Better than average

Author:
Updated:
Original:

Study finds Oklahoma's American Indians graduating higher than national average

ANADARKO, Okla. - A recent study of high school graduation rates found that Oklahoma's American Indian students are graduating at the rate of 63.8 percent, more than 12 percent higher than the national American Indian/Alaska Native average of 50.6 percent.

The study, ''Diplomas Count 2008,'' was conducted by the Editorial Projects in Education Research Center based in Bethesda, Md., with assistance from the Bill & Melinda Gates Foundation. The report, published in the June 5 edition of Education Week, uses 2005 data from the U.S. Department of Education's Cumulative Promotion Index.

According to the study, 1.23 million American high school students will not be graduating with a high school diploma. This makes the current high school dropout rate at 6,289 students per day.

''Students with certain risk factors are more likely to drop out,'' said Sterling Lloyd, a senior research associate with the research center. ''Students from low-income families or who could be facing difficult circumstances outside of school are at greater risk of dropping out. Research shows that what schools do matters a lot as well. Students who earn low grades or who fall behind in course credits or who have poor school attendance are more likely to leave without a diploma.''

What Lloyd said makes the difference in increasing graduation rates were intervention programs in school systems. Examples of these would be mentoring or tutoring programs that serve American Indian populations such as Johnson O'Malley and other federally funded programs.

''Schools with strong relationships between students and teachers, where struggling students get good academic support services, may be expected to have better graduation rates,'' Lloyd said.

For Oklahoma as a whole, the graduation rate is 70.8 percent, slightly higher than the national graduation average of 70.6 percent. When Oklahoma's American Indian graduation rate of 63.8 percent is broken down by gender, it shows that Oklahoma's American Indian male graduation rate is 61 percent, compared to the national American Indian male average of 45.8 percent. Oklahoma's female American Indian graduation rate is slightly higher, at 61.3 percent, compared to the national American Indian female graduation rate of 52.5 percent.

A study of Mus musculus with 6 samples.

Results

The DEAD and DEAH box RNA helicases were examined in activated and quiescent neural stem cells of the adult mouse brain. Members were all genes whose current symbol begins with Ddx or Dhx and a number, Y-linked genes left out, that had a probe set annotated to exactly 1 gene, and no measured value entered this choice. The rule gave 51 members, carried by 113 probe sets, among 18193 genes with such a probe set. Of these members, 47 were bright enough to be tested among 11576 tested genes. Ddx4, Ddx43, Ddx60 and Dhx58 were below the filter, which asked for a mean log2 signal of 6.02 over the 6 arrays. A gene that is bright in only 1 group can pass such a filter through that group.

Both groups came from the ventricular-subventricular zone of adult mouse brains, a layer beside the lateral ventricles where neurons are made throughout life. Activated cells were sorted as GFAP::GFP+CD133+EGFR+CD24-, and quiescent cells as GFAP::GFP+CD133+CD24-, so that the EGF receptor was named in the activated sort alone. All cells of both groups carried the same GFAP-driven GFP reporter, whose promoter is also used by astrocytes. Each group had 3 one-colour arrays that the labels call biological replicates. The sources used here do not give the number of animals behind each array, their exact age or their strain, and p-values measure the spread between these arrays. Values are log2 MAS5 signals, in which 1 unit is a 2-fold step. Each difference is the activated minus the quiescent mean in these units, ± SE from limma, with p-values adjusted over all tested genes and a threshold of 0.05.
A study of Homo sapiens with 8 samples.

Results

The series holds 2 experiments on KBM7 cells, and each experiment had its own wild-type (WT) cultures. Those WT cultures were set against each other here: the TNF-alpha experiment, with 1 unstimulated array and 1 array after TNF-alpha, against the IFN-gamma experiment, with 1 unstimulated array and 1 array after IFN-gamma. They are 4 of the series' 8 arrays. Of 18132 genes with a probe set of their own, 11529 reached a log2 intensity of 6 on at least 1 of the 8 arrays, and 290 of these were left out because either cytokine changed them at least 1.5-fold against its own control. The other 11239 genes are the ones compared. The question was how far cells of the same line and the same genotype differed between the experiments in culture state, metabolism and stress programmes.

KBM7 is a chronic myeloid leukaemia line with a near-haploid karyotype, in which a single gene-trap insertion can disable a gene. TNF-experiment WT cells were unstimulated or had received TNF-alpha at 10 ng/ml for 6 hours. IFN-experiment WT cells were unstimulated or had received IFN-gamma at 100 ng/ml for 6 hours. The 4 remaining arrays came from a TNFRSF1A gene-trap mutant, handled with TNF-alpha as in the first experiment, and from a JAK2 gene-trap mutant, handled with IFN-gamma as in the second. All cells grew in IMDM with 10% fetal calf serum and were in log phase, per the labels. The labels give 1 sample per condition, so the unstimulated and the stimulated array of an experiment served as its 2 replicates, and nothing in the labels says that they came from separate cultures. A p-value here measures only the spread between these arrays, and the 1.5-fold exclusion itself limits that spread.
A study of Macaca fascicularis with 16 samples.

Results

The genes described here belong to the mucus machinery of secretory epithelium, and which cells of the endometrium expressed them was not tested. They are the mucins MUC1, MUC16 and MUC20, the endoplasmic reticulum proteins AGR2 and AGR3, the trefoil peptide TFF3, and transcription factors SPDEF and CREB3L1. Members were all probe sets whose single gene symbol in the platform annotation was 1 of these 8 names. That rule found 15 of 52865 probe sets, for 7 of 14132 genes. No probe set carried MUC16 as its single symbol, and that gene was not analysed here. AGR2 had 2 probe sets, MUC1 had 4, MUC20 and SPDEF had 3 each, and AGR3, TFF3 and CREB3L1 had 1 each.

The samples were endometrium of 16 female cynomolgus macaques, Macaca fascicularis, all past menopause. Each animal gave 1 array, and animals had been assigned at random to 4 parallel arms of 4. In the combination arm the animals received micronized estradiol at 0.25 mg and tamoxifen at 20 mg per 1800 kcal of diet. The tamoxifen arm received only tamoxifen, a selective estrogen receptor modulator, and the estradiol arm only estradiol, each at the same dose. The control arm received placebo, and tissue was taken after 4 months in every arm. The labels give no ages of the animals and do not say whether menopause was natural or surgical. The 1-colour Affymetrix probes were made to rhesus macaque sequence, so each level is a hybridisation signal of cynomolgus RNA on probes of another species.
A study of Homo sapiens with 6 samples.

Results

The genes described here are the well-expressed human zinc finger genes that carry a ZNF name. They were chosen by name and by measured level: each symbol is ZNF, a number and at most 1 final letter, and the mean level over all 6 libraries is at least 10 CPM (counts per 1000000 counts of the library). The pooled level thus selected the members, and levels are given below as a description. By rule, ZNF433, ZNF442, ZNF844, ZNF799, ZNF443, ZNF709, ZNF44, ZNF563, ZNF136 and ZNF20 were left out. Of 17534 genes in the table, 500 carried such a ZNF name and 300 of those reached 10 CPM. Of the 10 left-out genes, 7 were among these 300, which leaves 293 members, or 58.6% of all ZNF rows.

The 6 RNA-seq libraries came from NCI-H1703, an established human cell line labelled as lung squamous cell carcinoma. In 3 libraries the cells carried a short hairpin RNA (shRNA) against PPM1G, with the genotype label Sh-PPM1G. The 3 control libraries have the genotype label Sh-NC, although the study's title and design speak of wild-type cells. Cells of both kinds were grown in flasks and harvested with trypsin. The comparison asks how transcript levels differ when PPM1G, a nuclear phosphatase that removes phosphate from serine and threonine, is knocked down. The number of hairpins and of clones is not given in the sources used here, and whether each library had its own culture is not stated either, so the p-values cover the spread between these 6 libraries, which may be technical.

''I can't say whether Oklahoma is doing things differently than other states,'' Lloyd said about Oklahoma's American Indian graduation rates, ''because I haven't investigated the particular policies in that state. It's possible to the extent that they're able to target interventions to students who are at risk - that could lead to better graduation rates.''

According to Valeria Littlecreek, director of tribal affairs for the Oklahoma State Department of Education, it's a combination of factors that include mentoring, Title VII and Johnson O'Malley programs and funding. ''It's something we have been working at for a very long time,'' she said.

Littlecreek, a Muscogee Creek Nation tribal member, said that accountability for graduation rates is not something that began with federal mandates. Instead, the higher graduation rate for Oklahoma's American Indian students has been a long time in the making.

''There have been many efforts made over the years. It's not something that started since No Child Left Behind. This cannot be attributed to one factor. It's been a concentrated effort.''

Littlecreek also said that these graduation rates of American Indian students are the result not only of these students ''being given the attention they need,'' but that it's also the result of Native students making the effort in the classroom.

''Their efforts are starting to pay off,'' she said.